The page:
Serena’s Review: “The Girl Who Fell Beneath the Sea”


Publishing Info: Feiwel & Friends, March 2022

Where Did I Get this Book: Edelweiss+

Where Can You Get this Book: Amazon | IndieBound | WorldCat

Book Description: Deadly storms have ravaged Mina’s homeland for generations. Floods sweep away entire villages, while bloody wars are waged over the few remaining resources. Her people believe the Sea God, once their protector, now curses them with death and despair. In an attempt to appease him, each year a beautiful maiden is thrown into the sea to serve as the Sea God’s bride, in the hopes that one day the “true bride” will be chosen and end the suffering.

Many believe that Shim Cheong, the most beautiful girl in the village—and the beloved of Mina’s older brother Joon—may be the legendary true bride. But on the night Cheong is to be sacrificed, Joon follows Cheong out to sea, even knowing that to interfere is a death sentence. To save her brother, Mina throws herself into the water in Cheong’s stead.

Swept away to the Spirit Realm, a magical city of lesser gods and mythical beasts, Mina seeks out the Sea God, only to find him caught in an enchanted sleep. With the help of a mysterious young man named Shin—as well as a motley crew of demons, gods and spirits—Mina sets out to wake the Sea God and bring an end to the killer storms once and for all.

But she doesn’t have much time: A human cannot live long in the land of the spirits. And there are those who would do anything to keep the Sea God from waking…

Review: You all know what I’m going to say at this point. Yes. Again. The beautiful cover has sucked me in! But I’ve also really enjoyed many of the Asian fairytales I’ve read, be they coming from Chinese, Japanese, or other Eastern cultures. This one is Korean, and I was excited to see what Axie Oh had to offer!

Mina is not a chosen bride, one of the young women chosen each year to be sacrificed to the sea in the hope that their sacrifice will calm the Sea God who torments the land with violent storms each year. No, Mina is not this girl. But her brother’s true love is, and in a desperate attempt to save her brother from pain, Mina throws herself into the sea in place of the true bride. Now, wandering in the Spirit Realm, Mina is determined to solve the mystery surrounding the reserved and closed-in Sea God. She is aided by a young man, Shin, who has spent the last century protecting the Sea God from the other ambitious gods who seek to dethrone him during this time of turmoil. Can Mina unwind this puzzle before her soul is lost forever?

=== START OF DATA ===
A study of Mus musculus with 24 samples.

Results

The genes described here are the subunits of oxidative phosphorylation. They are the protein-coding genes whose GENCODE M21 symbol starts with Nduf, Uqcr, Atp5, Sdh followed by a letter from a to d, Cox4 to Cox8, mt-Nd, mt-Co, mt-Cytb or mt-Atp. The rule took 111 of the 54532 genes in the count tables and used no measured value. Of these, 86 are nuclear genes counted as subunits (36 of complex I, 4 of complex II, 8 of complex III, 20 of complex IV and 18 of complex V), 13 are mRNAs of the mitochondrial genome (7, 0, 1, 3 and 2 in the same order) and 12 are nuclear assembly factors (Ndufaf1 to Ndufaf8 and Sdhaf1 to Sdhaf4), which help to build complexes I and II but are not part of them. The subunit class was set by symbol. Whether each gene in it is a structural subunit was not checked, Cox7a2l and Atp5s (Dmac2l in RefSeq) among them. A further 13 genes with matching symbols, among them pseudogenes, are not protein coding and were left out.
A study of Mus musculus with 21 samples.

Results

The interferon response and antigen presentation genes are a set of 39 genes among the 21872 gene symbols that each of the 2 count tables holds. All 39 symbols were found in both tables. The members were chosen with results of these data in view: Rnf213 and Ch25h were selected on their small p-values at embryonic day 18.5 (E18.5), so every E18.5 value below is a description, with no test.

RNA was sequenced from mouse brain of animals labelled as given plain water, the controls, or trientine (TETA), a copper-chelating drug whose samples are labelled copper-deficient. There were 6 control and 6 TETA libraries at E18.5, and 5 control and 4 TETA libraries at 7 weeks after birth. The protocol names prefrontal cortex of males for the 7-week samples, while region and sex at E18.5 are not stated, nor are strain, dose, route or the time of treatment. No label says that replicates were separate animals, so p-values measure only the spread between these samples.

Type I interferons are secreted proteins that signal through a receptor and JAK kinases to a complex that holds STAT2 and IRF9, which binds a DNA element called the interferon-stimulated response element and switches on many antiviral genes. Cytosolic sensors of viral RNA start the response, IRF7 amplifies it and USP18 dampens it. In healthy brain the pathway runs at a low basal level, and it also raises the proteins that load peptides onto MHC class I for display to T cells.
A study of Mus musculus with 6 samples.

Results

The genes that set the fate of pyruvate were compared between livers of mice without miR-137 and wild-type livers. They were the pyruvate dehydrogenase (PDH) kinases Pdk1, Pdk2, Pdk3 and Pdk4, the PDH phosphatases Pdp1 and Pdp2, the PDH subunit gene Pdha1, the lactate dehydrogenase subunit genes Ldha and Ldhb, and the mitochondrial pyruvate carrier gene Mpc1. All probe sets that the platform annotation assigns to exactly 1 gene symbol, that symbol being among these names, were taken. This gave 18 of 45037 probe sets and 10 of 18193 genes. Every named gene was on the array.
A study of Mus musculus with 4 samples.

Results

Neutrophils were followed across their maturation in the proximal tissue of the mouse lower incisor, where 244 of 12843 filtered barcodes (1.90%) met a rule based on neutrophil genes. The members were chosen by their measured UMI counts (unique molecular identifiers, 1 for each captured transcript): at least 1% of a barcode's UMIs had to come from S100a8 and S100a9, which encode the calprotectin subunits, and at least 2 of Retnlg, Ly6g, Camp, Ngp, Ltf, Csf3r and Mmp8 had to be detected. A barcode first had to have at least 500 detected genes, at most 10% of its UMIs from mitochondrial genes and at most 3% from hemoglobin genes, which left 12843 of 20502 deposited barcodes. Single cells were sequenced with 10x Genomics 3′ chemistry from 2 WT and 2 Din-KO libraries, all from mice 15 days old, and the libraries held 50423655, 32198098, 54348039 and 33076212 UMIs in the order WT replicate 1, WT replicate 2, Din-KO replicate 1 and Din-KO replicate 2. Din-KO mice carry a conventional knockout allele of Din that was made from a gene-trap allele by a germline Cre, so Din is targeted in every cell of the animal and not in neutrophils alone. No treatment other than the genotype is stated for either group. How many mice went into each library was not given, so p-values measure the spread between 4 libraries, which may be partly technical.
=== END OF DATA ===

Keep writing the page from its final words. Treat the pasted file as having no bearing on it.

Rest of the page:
This book has been praised with many comparisons to “Spirited Away.” And while I only enjoyed that movie so much, I know that fanatic fans will take this comparison as a true boon for this book. And I do see the comparisons. Here, too, we have a young woman thrust into a mysterious and dangerous land of spirits where forces are moving beyond her control. The world-building in this book was so good. The Spirit Realm felt vibrant and alive (even though it was filled with the spirits of the dead and gods). You could feel the life teaming in the busy market places, the dangerous river of souls, and the various pavilions of gods. And with each god comes a new challenge for Mina, a young woman who is way out of her depth. I loved the magical elements that we explored alongside of her, the various political maneuverings of the gods, the fantastical elements that flew the air and water, and the color spirts who guided her along her way.

The writing was also excellent. The story simply flows, there’s no other way to say it. Things are constantly happening, but the pace never felt frenetic or frantic. Instead, it was perfectly pitched to slow down and land the emotional hits that come with Mina’s interactions with the Sea God and other gods (the goddess of women and children was a particularly crushing moment). But there was also tons of action, with battles between gods vying for the Sea God’s throne and the dangers of an ever-rising river of the dead.

Mina was a fantastic guide through all of this. She starts off as strong as you can get, sacrificing herself to spare her brother the pain of losing his love. And once she discovers the confusion and mysteries that surround the Sea God, she quickly determines to do her best to still end his curse, even if she knows that she is not the true bride. Her persistence, faith, and hope in the face of despair made her incredibly compelling. There were many moments where you could see the temptation to simply give up and take the good things that she could find for herself in this land. But that is not the way of a girl who has already sacrificed her own life for others. Instead, she pushes through adversity all the way to the end, even past the point where others would caution her to accept the state of things.

I also really liked the relationship that was built up between Mina and Shin. It’s a slow-build romance, and their relationship never felt rushed. Part of this is due to the wise decision not to rely on the romantic relationship to carry the entire story. Instead, Mina’s connection to the Sea God and three special spirits who help her on her way (as well as two of Shin’s friends) all help to flesh out the cast into a satisfying collection of various relationships and emotional draws.

I can’t say enough good things about this book! This review is already way longer than usually I write, and that’s because every time I finish a paragraph I think of another aspect of the story that I want to praise! Fantasy fans should definitely give this one a shop! Especially if you’re a fan of Asian fairytales like “Spirited Away.”

Rating 9: Lush, mystical, and full of life in all of its beauties and sorrows.

Reader’s Advisory:

“The Girl Who Fell Beneath the Sea” is on these Goodreads lists: Korean Fantasy Books and Books that inspired or are similar to Miyazaki films.